National Park Travel Safety Tips
Vacation at any time of the year is a great time to get out of your comfort zone and go somewhere new. Traveling is a great way to relax and get a much-needed break from everyday life. However, there are some things you need to keep in mind that will allow you to explore a National Park safely. Here are some ways you can accomplish that when you are traveling.
Take a First Aid Kit
Whether you are traveling by airplane, train, or your own vehicle, be sure to pack a first aid kit to take along. The contents of your first aid kit will depend on how you are traveling from one place to another. Pack essentials such as bandages, tensor bandages, gauze, thermometer, tweezers, antiseptic wound cleanser, and hand sanitizer.
You can often find inexpensive personal first aid kits at the dollar store, or put together a custom kit with items you find there. You will never go wrong being over-prepared in this area.
Scan Your Documents, Keep Your Money Safe
Unfortunate incidents can happen when on vacation. It is no fun to be far away from home and have your wallet stolen. Before you leave, scan all your documents, both major and minor. This should include identification documents like passport and driver’s license, plus any credit cards you are taking on your trip.
Having document copies will enable you to quickly out quickly what is missing should yours be misplaced or fall into the wrong hands.
To keep your money safe, split it up among several spots. Perhaps you will want to take a little cash along on daily trips, and leave some in the safe at the hotel. Always keep your money and other valuables in more than one place so that only some of it can be stolen or lost.
That way you have something to fall back on while you make calls and arrange for a replacement of the rest.
Take Your Vehicle in for a Check-Up Before Leaving
Most National Parks are accessible by vehicle. If you will be using your car or RV for a long-distance driving vacation, take it to the mechanic for a check-up before your departure date.
Breakdowns are a drain on your wallet and energy! It is no fun to be just starting out on your trip and have something go wrong. Many car troubles and a lot of extra expense can be avoided by following this tip.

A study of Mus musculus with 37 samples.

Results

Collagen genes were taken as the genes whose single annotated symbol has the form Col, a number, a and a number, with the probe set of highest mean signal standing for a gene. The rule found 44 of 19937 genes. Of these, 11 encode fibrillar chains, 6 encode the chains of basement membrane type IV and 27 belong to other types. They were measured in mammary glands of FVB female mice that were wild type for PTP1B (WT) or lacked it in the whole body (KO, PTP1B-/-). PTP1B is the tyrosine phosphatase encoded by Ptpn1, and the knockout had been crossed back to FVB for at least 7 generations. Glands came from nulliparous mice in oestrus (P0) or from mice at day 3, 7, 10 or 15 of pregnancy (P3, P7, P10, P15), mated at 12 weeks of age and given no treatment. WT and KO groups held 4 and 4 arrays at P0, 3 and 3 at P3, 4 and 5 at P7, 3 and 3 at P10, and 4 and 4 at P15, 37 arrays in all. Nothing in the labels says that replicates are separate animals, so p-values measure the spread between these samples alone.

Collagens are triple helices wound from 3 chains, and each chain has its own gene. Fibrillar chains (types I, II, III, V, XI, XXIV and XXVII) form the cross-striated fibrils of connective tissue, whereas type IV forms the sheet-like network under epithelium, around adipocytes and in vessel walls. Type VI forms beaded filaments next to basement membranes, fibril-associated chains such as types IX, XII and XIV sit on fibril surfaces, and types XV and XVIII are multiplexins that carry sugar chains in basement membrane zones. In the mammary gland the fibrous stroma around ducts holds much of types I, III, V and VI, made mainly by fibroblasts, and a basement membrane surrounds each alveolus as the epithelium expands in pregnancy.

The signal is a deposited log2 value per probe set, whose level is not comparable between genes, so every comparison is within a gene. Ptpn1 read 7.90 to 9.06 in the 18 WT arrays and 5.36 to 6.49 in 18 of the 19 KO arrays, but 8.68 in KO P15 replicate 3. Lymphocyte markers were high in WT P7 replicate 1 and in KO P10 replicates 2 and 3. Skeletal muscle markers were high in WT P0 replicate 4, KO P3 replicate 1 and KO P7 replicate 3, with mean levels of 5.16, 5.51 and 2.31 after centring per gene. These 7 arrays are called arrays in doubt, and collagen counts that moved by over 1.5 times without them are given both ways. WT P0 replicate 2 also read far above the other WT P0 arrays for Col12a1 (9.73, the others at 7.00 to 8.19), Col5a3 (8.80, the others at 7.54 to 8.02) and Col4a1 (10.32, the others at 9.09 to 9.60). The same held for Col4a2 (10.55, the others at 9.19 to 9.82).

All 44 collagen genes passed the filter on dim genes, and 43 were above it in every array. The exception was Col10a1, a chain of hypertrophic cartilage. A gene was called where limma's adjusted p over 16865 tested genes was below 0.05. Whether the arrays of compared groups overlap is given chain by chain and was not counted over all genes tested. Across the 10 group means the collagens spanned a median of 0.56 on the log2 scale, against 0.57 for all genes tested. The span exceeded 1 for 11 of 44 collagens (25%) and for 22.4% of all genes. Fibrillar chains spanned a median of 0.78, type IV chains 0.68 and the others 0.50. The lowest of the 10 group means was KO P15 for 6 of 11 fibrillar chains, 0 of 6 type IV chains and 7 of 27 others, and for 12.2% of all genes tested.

View Animals From a Safe Distance
Do a little research on your National Park destination before you leave. A quick internet search can give you a good idea of the wildlife you are going to encounter. For Yellowstone, this means bighorn sheep, bison, elk, moose, mountain goats, mule deer, pronghorn, and white-tailed deer. It also means bears.
The animals in Yellowstone are wild and unpredictable, no matter how calm they appear to be. The safest (and often best) view of wildlife is from inside a car. Always stay at least 100 yards (91 m) away from bears and wolves, and at least 25 yards (23 m) away from all other animals, including bison and elk.
Check the NPS App to see if there are any updates you need to be aware of. Many a traveler has found themselves in a predicament with local wildlife and has put themselves in harm’s way. Don’t let that be you.
Know Your Limits
Yellowstone has approximately 1,000 trails with over 90 trailheads to access them. While there are many opportunities to hike around the park it is important to know your limits before you set out, especially in the backcountry.
Use the National Park Service App and do some research before you go. Is the trail you are following for moderate or experienced hikers? The app will give you guidance about each trail (easy, moderate, experienced) and the length of the trail. Even though it is considered an easy hike, if it’s been years since you walked 8-miles, the Spring Creek (or any other) Trail may not be for you!
Stay Hydrated and Eat Well
When you are traveling, you may be putting your body to the test through new physical activities, or being outdoors in the sun all day long. Eat well to nourish your body, and be absolutely sure to drink plenty of clean water to keep you hydrated. You don’t want to end up hospitalized for heatstroke or dehydration when you could have avoided it.
Safe National Park travel can create some of the best memories for your family. With a little foresight, you will be able to stay safe and create wonderful moments that will last you a lifetime.